What is Hanging Tongue Syndrome?

July 17, 2010

By Linda Cole

Seeing a dog with their tongue sticking out is cute, especially when puppies do it. Most of the dogs we see competing in the World’s Ugliest Dog competitions always seem to have their tongue hanging out between their teeth. However, a dog’s tongue sticking out all the time could be a condition called hanging tongue syndrome, and it can cause the dog pain. Hanging tongue syndrome isn’t life threatening in itself, but it could indicate something is wrong.

A dog’s tongue is quite remarkable when you think about it. They use it to drink water, help keep themselves cool and to clean their coat and feet. Plus, most dogs aren’t shy when it comes to giving us a warm, sloppy kiss when they feel we need one.

How the tongue helps cool the dog is simple, yet effective. When dogs get hot while playing or exercising, they pant to cool down. The blood vessels in the tongue swell because of increased blood flow to the tongue. As the dog pants, moisture is created by their breath which evaporates and cools the tongue. As the tongue cools down, the blood flow is cooled and this goes throughout the dog’s respiratory system, cooling his entire body.

A dog’s tongue sticking out constantly can end up dry and cracked which can be painful for them. Just like when we get dry, cracked lips from spending too much time in the sun or from dry air during the winter. If the dog’s tongue sticks out regularly, the end can become dry if they don’t or can’t pull it inside their mouth to moisten it. Hanging tongue syndrome is usually seen more often in smaller breeds like the Chihuahua, King Charles Spaniels and the Mexican Hairless, but larger breeds can be affected as well.

Hanging tongue syndrome can occur if the dog has suffered an injury or some kind of trauma to their muzzle or jaw. Some neurological diseases or deformities of the mouth or teeth can leave their tongue sticking out because their condition won’t allow them to pull the tongue all the way into the mouth. You can tell your dog has hanging tongue syndrome when they don’t or can’t pull their tongue all the way in to moisten it. The tongue can even become discolored. If hanging tongue syndrome develops suddenly, it could be a sign of neurological problems, so make sure to have your dog checked out, just in case.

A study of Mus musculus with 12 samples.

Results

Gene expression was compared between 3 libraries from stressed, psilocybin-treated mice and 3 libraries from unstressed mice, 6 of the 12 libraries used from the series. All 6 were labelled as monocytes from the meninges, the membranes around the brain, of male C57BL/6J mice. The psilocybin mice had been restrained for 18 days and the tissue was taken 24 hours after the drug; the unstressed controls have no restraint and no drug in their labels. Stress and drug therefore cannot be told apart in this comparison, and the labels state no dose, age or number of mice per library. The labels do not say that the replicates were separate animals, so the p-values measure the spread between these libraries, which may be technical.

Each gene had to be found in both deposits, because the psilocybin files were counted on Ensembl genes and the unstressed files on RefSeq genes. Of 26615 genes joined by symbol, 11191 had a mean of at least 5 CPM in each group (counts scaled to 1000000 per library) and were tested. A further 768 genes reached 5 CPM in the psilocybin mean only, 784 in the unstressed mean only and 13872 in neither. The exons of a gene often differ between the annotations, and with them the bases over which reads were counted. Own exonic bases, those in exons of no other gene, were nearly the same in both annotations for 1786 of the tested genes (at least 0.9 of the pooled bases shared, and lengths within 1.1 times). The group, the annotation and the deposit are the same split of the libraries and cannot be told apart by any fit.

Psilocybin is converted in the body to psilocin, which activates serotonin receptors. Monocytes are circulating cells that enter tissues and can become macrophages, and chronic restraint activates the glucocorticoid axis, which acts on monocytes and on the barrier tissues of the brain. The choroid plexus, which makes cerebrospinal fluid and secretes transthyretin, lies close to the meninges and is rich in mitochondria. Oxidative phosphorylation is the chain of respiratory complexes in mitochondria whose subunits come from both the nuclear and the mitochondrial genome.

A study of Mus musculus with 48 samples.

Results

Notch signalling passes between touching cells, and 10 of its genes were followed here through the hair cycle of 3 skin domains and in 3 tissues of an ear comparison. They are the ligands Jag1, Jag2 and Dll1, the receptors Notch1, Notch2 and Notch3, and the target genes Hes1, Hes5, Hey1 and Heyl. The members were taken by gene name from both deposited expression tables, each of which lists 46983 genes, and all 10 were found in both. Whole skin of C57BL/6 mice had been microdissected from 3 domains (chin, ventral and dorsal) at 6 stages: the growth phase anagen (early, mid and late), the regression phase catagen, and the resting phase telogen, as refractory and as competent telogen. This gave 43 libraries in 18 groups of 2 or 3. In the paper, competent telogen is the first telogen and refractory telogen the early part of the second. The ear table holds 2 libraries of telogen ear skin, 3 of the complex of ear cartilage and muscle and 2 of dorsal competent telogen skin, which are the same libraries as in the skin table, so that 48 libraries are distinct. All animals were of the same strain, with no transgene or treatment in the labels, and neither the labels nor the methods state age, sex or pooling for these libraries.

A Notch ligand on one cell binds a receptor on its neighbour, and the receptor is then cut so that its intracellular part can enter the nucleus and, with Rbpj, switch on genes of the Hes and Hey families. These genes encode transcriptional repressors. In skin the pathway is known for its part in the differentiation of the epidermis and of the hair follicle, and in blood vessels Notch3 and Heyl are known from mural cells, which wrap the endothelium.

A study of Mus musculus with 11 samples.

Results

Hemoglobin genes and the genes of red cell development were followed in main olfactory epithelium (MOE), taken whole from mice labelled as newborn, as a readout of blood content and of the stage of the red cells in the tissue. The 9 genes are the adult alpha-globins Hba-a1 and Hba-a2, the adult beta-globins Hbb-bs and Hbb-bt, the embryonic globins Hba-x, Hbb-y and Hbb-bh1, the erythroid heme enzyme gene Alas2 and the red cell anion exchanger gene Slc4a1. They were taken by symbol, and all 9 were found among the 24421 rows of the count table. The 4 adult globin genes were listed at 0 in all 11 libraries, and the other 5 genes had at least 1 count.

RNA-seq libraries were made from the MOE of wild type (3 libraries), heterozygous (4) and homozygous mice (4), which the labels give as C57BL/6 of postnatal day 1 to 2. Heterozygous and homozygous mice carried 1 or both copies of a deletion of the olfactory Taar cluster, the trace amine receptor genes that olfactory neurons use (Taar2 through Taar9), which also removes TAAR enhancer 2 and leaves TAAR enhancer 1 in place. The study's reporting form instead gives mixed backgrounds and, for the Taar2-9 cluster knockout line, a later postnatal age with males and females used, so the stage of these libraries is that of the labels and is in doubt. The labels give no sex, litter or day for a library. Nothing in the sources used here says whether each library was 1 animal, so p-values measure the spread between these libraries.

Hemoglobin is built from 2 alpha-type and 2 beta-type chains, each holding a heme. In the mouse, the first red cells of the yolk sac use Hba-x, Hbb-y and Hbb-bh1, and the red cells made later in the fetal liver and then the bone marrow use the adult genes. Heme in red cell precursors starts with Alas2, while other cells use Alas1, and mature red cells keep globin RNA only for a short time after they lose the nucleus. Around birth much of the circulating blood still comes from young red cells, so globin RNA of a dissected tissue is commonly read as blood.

Sometimes, medications or temporary injuries can cause the dog’s tongue to hang outside his mouth. If the dog lets his tongue stick out during the healing process or while on medication, once the injury heals or the medication has ended, the dog should return to normal. This isn’t hanging tongue syndrome. However, it’s always a good idea to have your vet take a look at your dog if he does allow his tongue to hang out.

Dogs who have their tongue sticking out all the time should be monitored to make sure a bacterial infection doesn’t develop. Any sign of change in skin texture, bleeding, swelling or even a slight change in color should be checked out by a vet. These dogs are also at greater risk for frostbite during the winter months. A dog with true hanging tongue syndrome may need surgery to remove the part of the tongue that sticks out of his mouth. One common characteristic of dogs with hanging tongue syndrome is excessive drooling after drinking or eating. Dogs with this syndrome can usually remain the happy and normal pet you’ve always known, however.

Some dogs have an overbite or under-bite that makes it difficult for them to keep their tongue in their mouth because their teeth don’t line up properly. This is also not true hanging tongue syndrome. For some dogs, leaving the tongue sticking out of their mouth is just a sign of complete relaxation. It’s only true hanging tongue syndrome when they can’t pull it back in.

Hanging tongue syndrome is not something dogs can control. For whatever reason, they just can’t pull their tongue all the way into their mouth. It’s not uncommon to see puppies and even older dogs become so laid back and relaxed with their tongue sticking out the side of their mouth. As with any health concern, a visit to your vet may be in order to make sure everything is alright.

Read more articles by Linda Cole

The personal opinions and/or use of trade, corporate or brand names, is for information and convenience only. Such use does not constitute an endorsement by CANIDAE® Pet Foods of any product or service. Opinions are those of the individual authors and not necessarily of CANIDAE® Pet Foods.